CourseMaterials.LabVIEWBasics History

to:
The second advantage is that the wires are colored differently depending on what data they represent. Blue is for integers, orange for floating points, green for boolean and pink squigles for string data. Wires that are broken black lines with a red 'X' in the middle are broken wires. These wires are not connected to either an input or an output. To remove them you can delete them manually or select 'Remove Broken Wires' from the Edit menu. There are other forms of wires in LabVIEW such as the 'error' wire. This wire actually caries many forms of data. At the moment our primary use of the 'error' wire is to give LabVIEW an understanding of the sequence the connected VI's should be in.
June 21, 2006, at 07:03 PM by 129.63.16.48 -

'''Library''' From the Block Diagram window, a right click in the workspace brings up the VI library. This library contains all the VI's that come included with the software. The VI's are segmented into various categorys that will be explored more in depth.

->'''Structures''' This category contains VI's that can be considered the backbone of programming. All the VI's in this category can also be resized to fit whatever other VI's you may need to use in them. They are all placed into the Block Diagram workspace through a click drag.

-->''Case Structure''
--->This VI performs like an If-Else statement. The argument for this If-Else structure is connected to the green question mark block on the left edge of the Case Structure. Once a Case Structure has been created and linked to an argument you can cycle through all the possibilitys of arguments in the drop down box located at the top off the structure. VI's can be placed into the Case Structure to be run should the appropriate argument take place. Please be aware of which argument you are placing your VI's in. It can be quite easy to mistake one Case Structure argument with another.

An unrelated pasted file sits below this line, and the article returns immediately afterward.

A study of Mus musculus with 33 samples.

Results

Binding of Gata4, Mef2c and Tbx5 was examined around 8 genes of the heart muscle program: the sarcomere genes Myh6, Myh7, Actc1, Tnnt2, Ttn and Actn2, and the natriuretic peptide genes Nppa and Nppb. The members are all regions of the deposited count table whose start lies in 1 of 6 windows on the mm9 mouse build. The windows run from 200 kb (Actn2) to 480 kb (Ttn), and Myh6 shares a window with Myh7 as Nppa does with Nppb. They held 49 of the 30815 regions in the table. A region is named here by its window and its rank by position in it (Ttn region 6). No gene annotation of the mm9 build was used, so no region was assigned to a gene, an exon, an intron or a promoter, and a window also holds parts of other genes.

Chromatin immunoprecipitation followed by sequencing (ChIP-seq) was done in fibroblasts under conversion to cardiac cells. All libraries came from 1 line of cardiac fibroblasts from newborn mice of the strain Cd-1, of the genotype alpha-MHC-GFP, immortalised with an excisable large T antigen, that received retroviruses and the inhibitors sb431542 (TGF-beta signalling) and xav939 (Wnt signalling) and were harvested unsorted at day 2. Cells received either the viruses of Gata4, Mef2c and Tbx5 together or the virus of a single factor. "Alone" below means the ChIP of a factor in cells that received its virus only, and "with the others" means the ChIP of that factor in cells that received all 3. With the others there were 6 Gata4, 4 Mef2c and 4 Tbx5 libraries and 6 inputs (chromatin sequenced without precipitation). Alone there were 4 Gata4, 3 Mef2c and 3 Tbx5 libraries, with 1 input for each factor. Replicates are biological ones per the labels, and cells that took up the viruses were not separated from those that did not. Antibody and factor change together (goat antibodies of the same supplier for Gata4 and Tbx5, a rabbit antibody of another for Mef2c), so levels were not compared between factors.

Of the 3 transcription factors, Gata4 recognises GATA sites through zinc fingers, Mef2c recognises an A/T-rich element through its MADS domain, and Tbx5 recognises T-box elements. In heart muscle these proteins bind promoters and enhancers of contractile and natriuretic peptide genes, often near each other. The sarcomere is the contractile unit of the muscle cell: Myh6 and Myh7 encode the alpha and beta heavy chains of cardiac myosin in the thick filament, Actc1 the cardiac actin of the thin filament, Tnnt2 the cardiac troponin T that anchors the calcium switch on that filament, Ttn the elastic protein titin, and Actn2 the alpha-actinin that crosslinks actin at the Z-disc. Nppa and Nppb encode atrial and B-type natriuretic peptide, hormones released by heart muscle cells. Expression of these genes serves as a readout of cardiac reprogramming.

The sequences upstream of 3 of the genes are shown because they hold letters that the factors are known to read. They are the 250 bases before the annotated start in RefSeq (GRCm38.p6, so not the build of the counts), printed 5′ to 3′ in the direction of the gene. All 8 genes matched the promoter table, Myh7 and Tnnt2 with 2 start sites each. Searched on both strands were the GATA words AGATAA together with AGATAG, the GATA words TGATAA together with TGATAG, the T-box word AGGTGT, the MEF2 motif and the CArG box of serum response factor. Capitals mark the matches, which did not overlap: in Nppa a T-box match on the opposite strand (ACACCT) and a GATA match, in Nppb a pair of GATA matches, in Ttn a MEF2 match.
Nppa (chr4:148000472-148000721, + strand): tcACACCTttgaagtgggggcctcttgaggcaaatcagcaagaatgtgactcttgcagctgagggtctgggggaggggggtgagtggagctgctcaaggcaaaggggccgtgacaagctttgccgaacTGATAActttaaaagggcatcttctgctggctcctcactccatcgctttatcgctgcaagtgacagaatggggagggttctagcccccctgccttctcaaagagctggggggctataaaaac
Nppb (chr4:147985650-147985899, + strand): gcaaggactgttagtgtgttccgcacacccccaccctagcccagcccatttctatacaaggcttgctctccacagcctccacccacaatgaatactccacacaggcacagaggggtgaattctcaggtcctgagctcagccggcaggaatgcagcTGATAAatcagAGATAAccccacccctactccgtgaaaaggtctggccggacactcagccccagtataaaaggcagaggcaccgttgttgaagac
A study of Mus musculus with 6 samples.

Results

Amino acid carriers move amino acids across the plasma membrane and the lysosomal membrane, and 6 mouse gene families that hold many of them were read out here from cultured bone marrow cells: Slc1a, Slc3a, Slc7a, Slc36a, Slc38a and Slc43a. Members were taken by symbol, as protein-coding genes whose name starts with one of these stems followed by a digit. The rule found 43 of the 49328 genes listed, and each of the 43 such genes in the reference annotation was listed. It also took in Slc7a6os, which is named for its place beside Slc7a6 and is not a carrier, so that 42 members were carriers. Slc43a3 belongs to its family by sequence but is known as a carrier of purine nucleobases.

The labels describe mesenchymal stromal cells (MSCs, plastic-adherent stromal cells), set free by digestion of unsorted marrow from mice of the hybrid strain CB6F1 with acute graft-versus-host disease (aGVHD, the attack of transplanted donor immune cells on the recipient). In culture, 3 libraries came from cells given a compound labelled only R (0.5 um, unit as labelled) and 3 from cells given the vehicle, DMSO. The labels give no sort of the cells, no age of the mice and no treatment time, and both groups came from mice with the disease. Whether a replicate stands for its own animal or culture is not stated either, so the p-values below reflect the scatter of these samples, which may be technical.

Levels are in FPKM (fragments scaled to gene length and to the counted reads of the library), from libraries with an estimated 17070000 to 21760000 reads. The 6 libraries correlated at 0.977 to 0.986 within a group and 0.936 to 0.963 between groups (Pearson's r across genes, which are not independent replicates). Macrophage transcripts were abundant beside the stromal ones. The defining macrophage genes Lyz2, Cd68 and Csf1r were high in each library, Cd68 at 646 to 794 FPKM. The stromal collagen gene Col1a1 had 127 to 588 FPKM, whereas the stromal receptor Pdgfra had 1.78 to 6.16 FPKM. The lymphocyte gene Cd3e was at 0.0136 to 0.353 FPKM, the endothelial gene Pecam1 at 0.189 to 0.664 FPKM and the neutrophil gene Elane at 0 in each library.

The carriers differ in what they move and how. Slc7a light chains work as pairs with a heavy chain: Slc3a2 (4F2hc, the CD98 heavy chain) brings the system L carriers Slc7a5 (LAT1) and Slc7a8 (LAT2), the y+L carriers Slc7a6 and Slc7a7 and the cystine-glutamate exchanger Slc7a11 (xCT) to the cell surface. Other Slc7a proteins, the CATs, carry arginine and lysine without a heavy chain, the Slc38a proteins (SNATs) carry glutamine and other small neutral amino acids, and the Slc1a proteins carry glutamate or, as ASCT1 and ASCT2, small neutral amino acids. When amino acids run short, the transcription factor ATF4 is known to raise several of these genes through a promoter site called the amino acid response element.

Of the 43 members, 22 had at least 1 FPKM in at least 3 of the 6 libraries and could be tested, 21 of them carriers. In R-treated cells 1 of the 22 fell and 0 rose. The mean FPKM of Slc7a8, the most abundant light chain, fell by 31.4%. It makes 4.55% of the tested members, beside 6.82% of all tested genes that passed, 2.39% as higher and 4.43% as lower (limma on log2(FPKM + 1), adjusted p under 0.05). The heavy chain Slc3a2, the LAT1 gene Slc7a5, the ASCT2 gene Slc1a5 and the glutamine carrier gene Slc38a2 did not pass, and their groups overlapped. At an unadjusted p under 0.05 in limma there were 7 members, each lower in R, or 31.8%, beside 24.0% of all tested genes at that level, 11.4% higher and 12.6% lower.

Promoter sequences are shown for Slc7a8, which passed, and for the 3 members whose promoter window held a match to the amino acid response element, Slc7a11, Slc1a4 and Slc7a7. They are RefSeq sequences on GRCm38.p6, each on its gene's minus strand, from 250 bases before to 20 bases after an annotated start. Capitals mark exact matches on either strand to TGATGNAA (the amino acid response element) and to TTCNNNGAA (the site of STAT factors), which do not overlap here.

-->''For Loop''
--->This VI acts just like its namesake. The input connector in the up left corner of this VI is known as the 'loop count.' An integer value to this input states how many times this loop should run. In the lower left corner of the structure is an output connector known as 'loop iteration' this can be used to monitor how many times the loop has run so far.

-->''While Loop''
--->The While Loop should be used to repeat any actions you want your robot to make. Like the For Loop this VI has an output in the lower left hand side for the 'loop iteration.' But unlike the For Loop This VI has an imput block known as the 'loop condition.' In its default settings the 'loop condition' will stop the loop if there is a boolean value of true. Always remember to place an input on this block. LabVIEW will not run the program if there is not an input on it.

-->''Formula Node''
--->If you have a mathematical formula or an expression similar to C you can use this VI to place it in to the Block Diagram. Note: not all functions are available in the Formula Node. Check the context help for a list of the built in functions. Also The inputs and outputs of this VI are not created automatically. Create these from the right click menu.

-->''Timed Loop''
--->This VI is very similar to the While Loop with tthe exception that you have control over how many times a second the loop executes.

->'''Numeric''' This category contains all the VI's related to numbers. Add, Subtract, Multiply, Divide, Conversion, Trigonometric and Logarithmic. Nearly everything is self explanitory.

->'''Boolean''' Here all VI's related to interpreting true/false data is located. AND, OR, NAND and NOR are all located here.

->'''String''' All VI's related to string(a.k.a text) data is located here.

-->''String Constant''
--->The most reasonable way to leave comments within a VI is through the use of String Constants. String Constants can be placed anywhere in the workspace and next to any component. Also it is not necessary to limit yourself to one String Constant to comment your entire program. It is perfectly acceptable to use up to four different String Constants spread across the workspace. Please remember that unless the information in a string constant is being used in the program it does not need to be wired to anything.

->'''Comparison''' All VI's related to comparing data are located here. Equal, Not Equal, Less Than, Greater Than and more are located in this category.

'''Wiring''' The wires on the Block Diagram have are a graphical representation of the data being passed betweent the various VI's. This visual representation has many advantages. The first being that you can see where any data is coming from and which VI's it is heading to.

The second advantage is that the wires are colored differently depending on what data they represent. Blue is for integers, orange for floating points, green for boolean and pink squigles for string data. Wires that are broken black lines with a red 'X' in the middle are broken wires. These wires are not connected to either an input or an output. To remove them you can delete them manually or select 'Remove Broken Wires' from the Edit menu. There are other forms of wires in LabVIEW such as the 'error' wire. This wire actually caries many forms of data.